Rapper Clifford "T.I." Harris penned an open letter to President Obama this weekend, praising the president's work over the last eight years and elaborating on how Obama impacted him personally.
The letter, published in The New York Times, is the first in a series of open letters T.I. says he plans on writing over the next year. Future letters will include one addressed to President-elect Donald TrumpDonald TrumpBipartisan group of mayors asks for immigration reform Obama offers laments and optimism at last presser Overnight Energy: Trump's EPA pick faces Congress | 2016 is the hottest year on record MORE.
"As I reflect, I am filled with gratitude, outrage, grief, anger, humility and appreciation, both for the things you helped bring to light and the many things we still have yet to realize," T.I. says at the top of his letter to Obama.
"We thank you for helping US face and focus on the very issues that plague our communities and diminishes US all. While I, too, responsibly admit to engaging in the behaviors that further perpetuates the negative stigma in our communities, I wanted to thank you for looking beyond our shortcomings," the letter continues.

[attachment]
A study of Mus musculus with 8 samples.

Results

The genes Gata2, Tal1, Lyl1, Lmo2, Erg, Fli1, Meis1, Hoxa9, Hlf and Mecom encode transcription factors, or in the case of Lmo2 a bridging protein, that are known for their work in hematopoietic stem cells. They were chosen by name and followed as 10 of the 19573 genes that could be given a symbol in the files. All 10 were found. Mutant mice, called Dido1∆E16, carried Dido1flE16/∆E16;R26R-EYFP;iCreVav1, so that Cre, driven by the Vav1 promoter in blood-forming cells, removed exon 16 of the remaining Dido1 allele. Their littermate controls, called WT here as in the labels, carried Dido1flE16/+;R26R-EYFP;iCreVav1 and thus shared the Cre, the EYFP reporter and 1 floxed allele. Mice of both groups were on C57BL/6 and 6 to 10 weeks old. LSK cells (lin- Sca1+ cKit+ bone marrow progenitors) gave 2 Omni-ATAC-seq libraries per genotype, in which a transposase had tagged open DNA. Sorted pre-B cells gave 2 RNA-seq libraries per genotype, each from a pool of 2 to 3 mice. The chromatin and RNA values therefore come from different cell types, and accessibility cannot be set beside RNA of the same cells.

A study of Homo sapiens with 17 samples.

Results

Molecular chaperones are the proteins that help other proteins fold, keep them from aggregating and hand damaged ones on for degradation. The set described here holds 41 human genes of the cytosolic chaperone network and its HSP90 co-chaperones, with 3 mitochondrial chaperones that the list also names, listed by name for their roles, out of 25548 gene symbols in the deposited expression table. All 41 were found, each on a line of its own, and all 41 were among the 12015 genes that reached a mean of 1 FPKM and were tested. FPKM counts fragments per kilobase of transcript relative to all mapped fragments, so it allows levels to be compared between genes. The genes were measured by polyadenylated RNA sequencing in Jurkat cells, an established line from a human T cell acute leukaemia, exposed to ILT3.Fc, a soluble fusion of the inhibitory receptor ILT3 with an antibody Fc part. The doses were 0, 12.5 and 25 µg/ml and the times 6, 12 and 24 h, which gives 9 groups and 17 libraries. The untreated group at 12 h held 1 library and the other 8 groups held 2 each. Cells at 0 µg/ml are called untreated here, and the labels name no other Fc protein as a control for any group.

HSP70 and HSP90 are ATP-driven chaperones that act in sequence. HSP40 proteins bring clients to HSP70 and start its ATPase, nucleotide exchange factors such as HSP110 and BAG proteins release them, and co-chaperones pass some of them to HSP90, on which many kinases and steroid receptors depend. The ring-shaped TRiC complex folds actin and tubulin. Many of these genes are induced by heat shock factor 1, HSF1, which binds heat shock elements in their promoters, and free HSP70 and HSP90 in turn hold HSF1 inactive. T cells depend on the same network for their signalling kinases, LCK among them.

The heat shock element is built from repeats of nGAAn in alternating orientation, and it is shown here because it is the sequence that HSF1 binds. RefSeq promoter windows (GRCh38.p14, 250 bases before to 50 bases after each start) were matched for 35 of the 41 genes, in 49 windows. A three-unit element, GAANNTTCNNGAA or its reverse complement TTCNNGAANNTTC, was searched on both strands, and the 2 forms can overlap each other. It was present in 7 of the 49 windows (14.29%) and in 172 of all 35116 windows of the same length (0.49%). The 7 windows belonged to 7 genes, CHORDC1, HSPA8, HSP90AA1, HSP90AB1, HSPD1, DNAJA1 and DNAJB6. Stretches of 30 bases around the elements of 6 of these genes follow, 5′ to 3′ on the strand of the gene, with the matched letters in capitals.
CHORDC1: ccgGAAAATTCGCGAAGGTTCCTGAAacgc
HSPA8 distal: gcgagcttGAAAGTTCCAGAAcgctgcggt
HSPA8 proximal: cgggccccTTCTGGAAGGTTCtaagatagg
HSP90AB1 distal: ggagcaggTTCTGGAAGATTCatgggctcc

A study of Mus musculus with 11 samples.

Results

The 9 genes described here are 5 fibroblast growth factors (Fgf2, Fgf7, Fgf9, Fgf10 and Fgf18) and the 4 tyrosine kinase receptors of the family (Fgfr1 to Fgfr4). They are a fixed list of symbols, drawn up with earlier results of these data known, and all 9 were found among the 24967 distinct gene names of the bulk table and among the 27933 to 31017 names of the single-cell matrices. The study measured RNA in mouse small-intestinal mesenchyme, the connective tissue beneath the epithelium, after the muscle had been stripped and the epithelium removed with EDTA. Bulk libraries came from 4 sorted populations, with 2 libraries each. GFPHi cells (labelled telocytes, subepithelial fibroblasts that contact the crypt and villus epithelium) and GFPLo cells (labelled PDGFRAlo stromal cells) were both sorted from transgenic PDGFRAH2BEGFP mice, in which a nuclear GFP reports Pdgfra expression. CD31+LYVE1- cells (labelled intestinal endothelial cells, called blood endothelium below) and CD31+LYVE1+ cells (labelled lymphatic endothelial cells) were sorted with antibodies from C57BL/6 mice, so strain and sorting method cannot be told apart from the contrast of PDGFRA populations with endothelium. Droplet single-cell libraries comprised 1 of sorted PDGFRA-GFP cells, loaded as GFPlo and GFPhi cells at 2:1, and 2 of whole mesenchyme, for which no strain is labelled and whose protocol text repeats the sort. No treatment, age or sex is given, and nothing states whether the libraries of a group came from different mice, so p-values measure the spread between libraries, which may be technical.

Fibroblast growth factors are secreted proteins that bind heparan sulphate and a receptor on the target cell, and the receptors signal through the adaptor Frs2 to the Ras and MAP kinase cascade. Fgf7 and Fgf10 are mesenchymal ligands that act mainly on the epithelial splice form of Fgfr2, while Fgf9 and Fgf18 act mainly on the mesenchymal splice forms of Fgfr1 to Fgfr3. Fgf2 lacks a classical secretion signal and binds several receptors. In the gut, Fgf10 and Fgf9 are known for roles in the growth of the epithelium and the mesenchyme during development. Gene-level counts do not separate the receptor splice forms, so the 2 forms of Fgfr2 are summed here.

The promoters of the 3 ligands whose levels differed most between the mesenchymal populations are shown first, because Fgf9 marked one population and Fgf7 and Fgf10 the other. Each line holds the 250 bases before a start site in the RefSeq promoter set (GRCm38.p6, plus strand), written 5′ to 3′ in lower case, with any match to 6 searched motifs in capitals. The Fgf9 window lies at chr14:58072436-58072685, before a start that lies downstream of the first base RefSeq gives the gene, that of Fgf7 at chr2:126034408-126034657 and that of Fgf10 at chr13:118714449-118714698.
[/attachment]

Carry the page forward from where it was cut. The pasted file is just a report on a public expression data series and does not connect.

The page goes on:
In the letter, T.I. highlights the significance of Obama as the first black president and how that impacted him and the black community. He recalls listening to Tupac and nodding along as the rapper sang, "We ain't ready to see a black president."
The letter goes on to thank Obama and his family for their work and calling on readers to continue in their activism on Obama's policies and social justice.
"We will forever be grateful to you and your family, the graceful intelligent compassionate first lady, Mrs. Obama, as well as your beautiful daughters Sasha and Malia for their collective sacrifices for US. WE will continue to stand with you and alongside those who make a personal investment in US," T.I. ended his letter.
"We will continue to remain committed to causes that are bigger than ourselves. We will continue to remind ourselves that, Yes, We still can!"
T.I. is an award-winning rapper with nine studio albums. His newly released "Us Or Else" has become a venue for him to discuss issues of national political importance, including issues facing the black community.
Read the full letter at The New York Times.